French election campaign rocked by violence as minister says more than 50 attacks made ahead of crunch vote

France’s election campaign has seen more than 50 violent attacks on candidates and activists, a senior government minister has warned, as the country braces for a crunch final round of voting.

Some 30,000 officers will be deployed to police the tense ballot on Sunday, including 5,000 in Paris, said interior minister Gerald Darminin – as France teeters on the brink of handing the far right its largest ever parliamentary victory.

Three polls in as many days have suggested Marine Le Pen and her protege Jordan Bardella’s National Rally is on course to win more seats than any other party – but also to fall short of the 289 required for an absolute majority.

Marine Le Pen and Jordan Bardella’s National Rally party won a third of the vote in last week’s ballot (AFP/Getty)
Marine Le Pen and Jordan Bardella’s National Rally party won a third of the vote in last week’s ballot (AFP/Getty)

However, that lead has been cut short after National Rally’s dominant performance in the first round of voting sparked immediate demands for a so-called “republican front” to block the advance of the far right.

To that end, some 221 candidates – including 83 from the centrist Ensemble alliance backing president Emmanuel Macron and 132 from the left-wing New Popular Front – have stepped down in recent days in order to mount a tactical defence against the far right in seats otherwise facing a three-way battle.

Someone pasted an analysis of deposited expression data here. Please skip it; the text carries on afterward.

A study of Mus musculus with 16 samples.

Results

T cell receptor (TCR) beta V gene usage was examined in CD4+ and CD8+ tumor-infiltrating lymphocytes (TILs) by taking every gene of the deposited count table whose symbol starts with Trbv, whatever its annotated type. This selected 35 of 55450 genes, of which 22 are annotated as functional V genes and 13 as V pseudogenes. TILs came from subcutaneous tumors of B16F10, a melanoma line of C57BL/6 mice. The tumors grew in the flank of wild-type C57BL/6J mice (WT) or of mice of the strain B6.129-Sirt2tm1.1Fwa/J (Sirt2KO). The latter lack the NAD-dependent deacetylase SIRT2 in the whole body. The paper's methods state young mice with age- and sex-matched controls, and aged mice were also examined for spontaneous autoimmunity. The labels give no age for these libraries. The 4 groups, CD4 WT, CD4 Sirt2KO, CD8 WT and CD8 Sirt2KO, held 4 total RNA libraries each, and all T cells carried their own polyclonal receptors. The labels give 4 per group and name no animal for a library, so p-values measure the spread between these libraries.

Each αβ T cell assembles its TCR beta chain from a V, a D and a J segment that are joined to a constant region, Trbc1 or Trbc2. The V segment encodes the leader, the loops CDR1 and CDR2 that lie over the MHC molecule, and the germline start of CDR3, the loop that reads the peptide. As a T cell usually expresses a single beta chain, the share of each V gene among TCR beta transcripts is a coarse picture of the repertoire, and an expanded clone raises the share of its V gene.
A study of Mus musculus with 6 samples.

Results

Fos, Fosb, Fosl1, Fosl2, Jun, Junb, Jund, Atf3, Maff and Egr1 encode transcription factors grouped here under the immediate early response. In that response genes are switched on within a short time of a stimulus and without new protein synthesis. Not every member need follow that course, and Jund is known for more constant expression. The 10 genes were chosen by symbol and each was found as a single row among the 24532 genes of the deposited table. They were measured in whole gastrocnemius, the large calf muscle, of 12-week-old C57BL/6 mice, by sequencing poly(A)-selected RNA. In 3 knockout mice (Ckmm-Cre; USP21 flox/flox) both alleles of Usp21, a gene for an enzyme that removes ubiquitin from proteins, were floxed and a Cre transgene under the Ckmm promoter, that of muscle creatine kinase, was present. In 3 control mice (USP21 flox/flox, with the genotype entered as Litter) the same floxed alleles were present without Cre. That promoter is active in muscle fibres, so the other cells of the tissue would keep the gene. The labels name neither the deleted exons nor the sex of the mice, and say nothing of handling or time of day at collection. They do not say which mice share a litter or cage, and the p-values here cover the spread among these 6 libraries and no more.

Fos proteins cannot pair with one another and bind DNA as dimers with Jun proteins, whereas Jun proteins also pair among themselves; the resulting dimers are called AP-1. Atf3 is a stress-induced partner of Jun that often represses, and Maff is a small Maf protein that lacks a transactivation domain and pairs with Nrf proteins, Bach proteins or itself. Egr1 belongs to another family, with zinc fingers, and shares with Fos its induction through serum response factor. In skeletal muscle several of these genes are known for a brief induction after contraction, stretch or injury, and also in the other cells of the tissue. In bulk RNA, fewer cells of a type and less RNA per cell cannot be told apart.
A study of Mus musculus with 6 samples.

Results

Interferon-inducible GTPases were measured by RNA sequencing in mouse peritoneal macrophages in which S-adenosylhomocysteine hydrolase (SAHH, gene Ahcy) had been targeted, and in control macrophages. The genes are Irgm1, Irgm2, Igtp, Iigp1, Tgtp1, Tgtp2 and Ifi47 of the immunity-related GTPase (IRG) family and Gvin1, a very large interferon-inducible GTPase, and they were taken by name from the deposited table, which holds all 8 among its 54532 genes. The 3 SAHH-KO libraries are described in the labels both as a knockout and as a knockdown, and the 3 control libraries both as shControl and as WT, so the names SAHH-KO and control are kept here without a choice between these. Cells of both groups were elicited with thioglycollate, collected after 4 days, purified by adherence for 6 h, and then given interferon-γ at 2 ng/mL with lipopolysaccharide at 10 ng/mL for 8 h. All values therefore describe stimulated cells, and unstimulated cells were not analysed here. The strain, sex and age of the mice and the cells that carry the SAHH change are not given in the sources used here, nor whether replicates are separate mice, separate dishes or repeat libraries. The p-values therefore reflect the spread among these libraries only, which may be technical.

While Ms Le Pen has insisted a majority is still in reach as long as voters mobilise, three polls by Harris Interactive, Ifop and, most recently, on Friday, OpinionWay have put her party on between 190 and 240 seats – lower than before the republican front’s withdrawals.

Describing the mood of France as being “on edge”, Mr Darmanin warned that more than 30 people had been arrested for violence during the campaign.

“This campaign is short and yet we already have 51 candidates, substitutes and activists who have been physically assaulted,” the interior minister told broadcaster BFM TV, claiming that the attackers were either those who had “spontaneously become angry” or belonged to “ultra-left, ultra-right or other political groups”.

Police officers patrol the Trocadero plaza near the Eiffel Tower (AP)
Police officers patrol the Trocadero plaza near the Eiffel Tower (AP)

Among the victims are government spokesperson Prisca Thevenot, her deputy Virginie Lanlo, and an Ensemble activist who were attacked when they confronted a group defacing posters they had put up in the southwest of Paris.

Ms Thevenot told Le Parisien the activist suffered a broken jaw after being punched and hit with a scooter, while Ms Lanlo’s arm was injured. Three teenagers and a 20-year-old man were arrested.

Hours earlier, Ms Thevenot had warned of intensified racial attacks in a “complicated” political climate, saying: “The [attackers] no longer do it anonymously, but with uncovered faces and even with a certain pride.”

National Rally candidate Marie Dauchy also said she was violently attacked while campaigning near Grenoble, while the septuagenarian deputy mayor of a nearby town was also punched in the face while putting up a poster for former Macron spokesperson Olivier Veran.

Politicians across the spectrum have condemned the attacks which have marred the campaign, with France’s prime minister Gabriel Attal saying: “Let’s reject the climate of violence and hatred that is taking hold.”